DVD released: May 24, 2005
An episode of NewsRadio is one of the few things that can almost spark a pang of '90s nostalgia in my '80s-bred heart. It does spark a pang of nostalgia for NBC Must-See Thursdays – now definitely a thing of the past but once the most savory night of television. While attending Ole Miss from 1993 to 1995, I'd pop next door to Burger King to pick up some comfort food and then settle in for an evening of laughs with shows like Seinfeld, Frasier, Mad About You, Friends and this ensemble-cast gem, which ran from 1995 to 1999. Revisiting a well-crafted sitcom like NewsRadio, I can't help feeling that 95 percent of the sitcoms on television today wouldn't have lasted more than a few weeks even as recently as the mid-90s.
The cast had nary a weak link and was key to the show's success: the incomparable Phil Hartman as smug news reader Bill McNeal (what a shame to lose such a great talent in a senseless tragedy); Andy Dick as office spaz Matthew Brock; Stephen Root as goofy, wife-hunting station owner Jimmy James; and Khandi Alexander (later of CSI: Miami) as Hartman's saucy partner on the mic, Catherine Duke. The show was also a launching pad for Joe Rogan (electrician Joe), perhaps best known today for one of the greatest crimes ever perpetrated on the viewing public, Fear Factor, and Maura Tierney (reporter Lisa), who went on to E.R. Rounding out the bunch are Dave Foley as droll WNYX station manager Dave Nelson and Vicki Lewis as Beth the secretary.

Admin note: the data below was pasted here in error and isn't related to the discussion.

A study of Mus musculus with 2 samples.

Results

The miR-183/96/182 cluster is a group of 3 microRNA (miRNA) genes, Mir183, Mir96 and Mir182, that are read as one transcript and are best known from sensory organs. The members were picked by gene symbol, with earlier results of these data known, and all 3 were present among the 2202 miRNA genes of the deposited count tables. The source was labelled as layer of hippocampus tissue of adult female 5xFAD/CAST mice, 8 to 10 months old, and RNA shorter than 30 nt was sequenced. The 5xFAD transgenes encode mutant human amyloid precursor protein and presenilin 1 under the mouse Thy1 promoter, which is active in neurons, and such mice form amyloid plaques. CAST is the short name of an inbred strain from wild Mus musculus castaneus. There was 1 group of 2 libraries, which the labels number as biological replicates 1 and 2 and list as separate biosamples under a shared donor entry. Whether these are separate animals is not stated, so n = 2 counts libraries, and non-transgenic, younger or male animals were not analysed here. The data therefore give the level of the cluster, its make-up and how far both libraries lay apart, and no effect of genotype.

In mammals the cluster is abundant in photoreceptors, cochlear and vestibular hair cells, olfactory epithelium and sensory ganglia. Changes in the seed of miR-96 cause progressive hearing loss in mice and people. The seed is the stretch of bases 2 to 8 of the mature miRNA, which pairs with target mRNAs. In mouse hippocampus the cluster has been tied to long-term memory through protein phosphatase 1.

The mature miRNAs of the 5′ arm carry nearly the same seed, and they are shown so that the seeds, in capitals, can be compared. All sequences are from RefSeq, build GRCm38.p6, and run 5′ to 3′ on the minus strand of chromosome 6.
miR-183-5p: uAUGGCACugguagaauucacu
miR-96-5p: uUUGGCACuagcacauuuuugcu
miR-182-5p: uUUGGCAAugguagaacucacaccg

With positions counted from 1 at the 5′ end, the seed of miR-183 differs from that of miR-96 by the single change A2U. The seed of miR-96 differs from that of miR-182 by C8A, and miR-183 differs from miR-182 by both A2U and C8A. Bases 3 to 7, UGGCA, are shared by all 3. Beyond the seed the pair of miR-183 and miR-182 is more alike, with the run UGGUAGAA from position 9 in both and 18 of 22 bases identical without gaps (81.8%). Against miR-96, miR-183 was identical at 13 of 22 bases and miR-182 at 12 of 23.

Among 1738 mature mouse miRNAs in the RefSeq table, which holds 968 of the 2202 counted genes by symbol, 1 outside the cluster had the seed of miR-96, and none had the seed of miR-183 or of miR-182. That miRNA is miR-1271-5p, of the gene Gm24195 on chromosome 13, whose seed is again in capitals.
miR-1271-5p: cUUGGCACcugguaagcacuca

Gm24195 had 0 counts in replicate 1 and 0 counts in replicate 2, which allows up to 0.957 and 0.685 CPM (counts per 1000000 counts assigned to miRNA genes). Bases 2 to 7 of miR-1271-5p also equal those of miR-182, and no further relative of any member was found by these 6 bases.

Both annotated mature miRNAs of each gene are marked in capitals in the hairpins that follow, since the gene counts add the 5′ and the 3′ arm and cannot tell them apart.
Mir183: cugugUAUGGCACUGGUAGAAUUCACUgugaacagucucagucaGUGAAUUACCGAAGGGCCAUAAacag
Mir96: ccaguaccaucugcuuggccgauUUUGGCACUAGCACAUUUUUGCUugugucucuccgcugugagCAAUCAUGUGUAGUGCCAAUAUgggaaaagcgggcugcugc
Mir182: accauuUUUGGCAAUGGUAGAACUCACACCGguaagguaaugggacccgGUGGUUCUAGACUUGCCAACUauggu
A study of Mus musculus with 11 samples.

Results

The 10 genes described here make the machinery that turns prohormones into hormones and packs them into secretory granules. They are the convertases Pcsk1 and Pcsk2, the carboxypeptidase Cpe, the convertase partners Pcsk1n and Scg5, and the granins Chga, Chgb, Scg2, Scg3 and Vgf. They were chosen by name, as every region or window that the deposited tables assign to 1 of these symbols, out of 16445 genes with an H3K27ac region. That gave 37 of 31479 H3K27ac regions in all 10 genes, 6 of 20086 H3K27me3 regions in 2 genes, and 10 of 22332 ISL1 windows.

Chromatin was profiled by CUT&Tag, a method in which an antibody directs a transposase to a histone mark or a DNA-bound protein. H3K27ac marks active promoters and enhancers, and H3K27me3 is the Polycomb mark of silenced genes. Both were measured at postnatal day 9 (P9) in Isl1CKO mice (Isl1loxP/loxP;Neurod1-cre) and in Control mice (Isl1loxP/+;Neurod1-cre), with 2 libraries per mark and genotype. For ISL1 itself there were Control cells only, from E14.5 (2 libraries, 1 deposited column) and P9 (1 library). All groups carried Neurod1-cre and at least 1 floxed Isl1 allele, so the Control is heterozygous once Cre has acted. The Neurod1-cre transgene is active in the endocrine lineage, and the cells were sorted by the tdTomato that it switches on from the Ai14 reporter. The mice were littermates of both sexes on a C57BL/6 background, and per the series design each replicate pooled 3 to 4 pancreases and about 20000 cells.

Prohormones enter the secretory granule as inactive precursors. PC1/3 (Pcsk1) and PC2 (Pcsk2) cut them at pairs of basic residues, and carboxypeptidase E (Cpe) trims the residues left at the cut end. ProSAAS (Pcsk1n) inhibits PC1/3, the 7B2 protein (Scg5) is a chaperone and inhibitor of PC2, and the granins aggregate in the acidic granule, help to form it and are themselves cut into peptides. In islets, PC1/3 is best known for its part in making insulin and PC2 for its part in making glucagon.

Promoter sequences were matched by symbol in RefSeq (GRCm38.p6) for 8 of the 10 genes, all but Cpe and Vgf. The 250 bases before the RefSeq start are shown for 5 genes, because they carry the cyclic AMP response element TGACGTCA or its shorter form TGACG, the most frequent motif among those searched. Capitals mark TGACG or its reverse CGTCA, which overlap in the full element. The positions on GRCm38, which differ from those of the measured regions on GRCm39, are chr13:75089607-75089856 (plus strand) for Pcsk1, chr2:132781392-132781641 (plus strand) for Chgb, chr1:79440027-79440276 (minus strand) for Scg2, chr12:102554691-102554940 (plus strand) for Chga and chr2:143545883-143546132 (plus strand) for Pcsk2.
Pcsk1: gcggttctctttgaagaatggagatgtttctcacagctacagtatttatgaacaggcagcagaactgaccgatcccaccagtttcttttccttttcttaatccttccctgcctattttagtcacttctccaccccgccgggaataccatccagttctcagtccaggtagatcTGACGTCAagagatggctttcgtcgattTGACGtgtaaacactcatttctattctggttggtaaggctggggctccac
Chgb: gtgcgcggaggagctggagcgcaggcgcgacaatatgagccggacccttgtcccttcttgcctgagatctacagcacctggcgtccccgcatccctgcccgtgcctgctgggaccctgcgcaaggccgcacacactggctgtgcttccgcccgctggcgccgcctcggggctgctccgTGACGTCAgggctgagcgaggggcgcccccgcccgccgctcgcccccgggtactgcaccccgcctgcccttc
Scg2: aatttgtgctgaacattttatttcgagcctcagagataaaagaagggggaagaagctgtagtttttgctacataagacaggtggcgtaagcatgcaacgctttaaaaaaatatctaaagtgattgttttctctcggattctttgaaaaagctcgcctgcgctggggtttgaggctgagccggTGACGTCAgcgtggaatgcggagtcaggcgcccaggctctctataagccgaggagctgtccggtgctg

The seven-episode first season is a little tighter overall than the second. Standout episodes in this set include "Smoking," in which Dave swears off caffeine to get Bill to stop smoking; "The Shrink," in which John Ritter appears as a counselor who brings out everyone's chatty, sensitive sides; "Presence," in which Jimmy loses Bill in a poker game; and an episode in which Bebe Neuwirth (Cheers) appears as a deranged temp. While the show skillfully balanced office and relationship humor with slapstick zaniness, Hartman's bombastic delivery consistently made the show, and his presence was sorely missed at the end.
// DVD notes // Twenty-nine episodes on three discs. Extras include outtakes from season two, episode commentaries and a featurette in which Hartman talks about trying out for the announcing gig on The Price Is Right before landing Saturday Night Live. Interesting to imagine how things would have been different had he, instead of Rod Roddy, got that job. He also said Bill McNeal's job is one he could imagine himself really doing had his career taken a different path.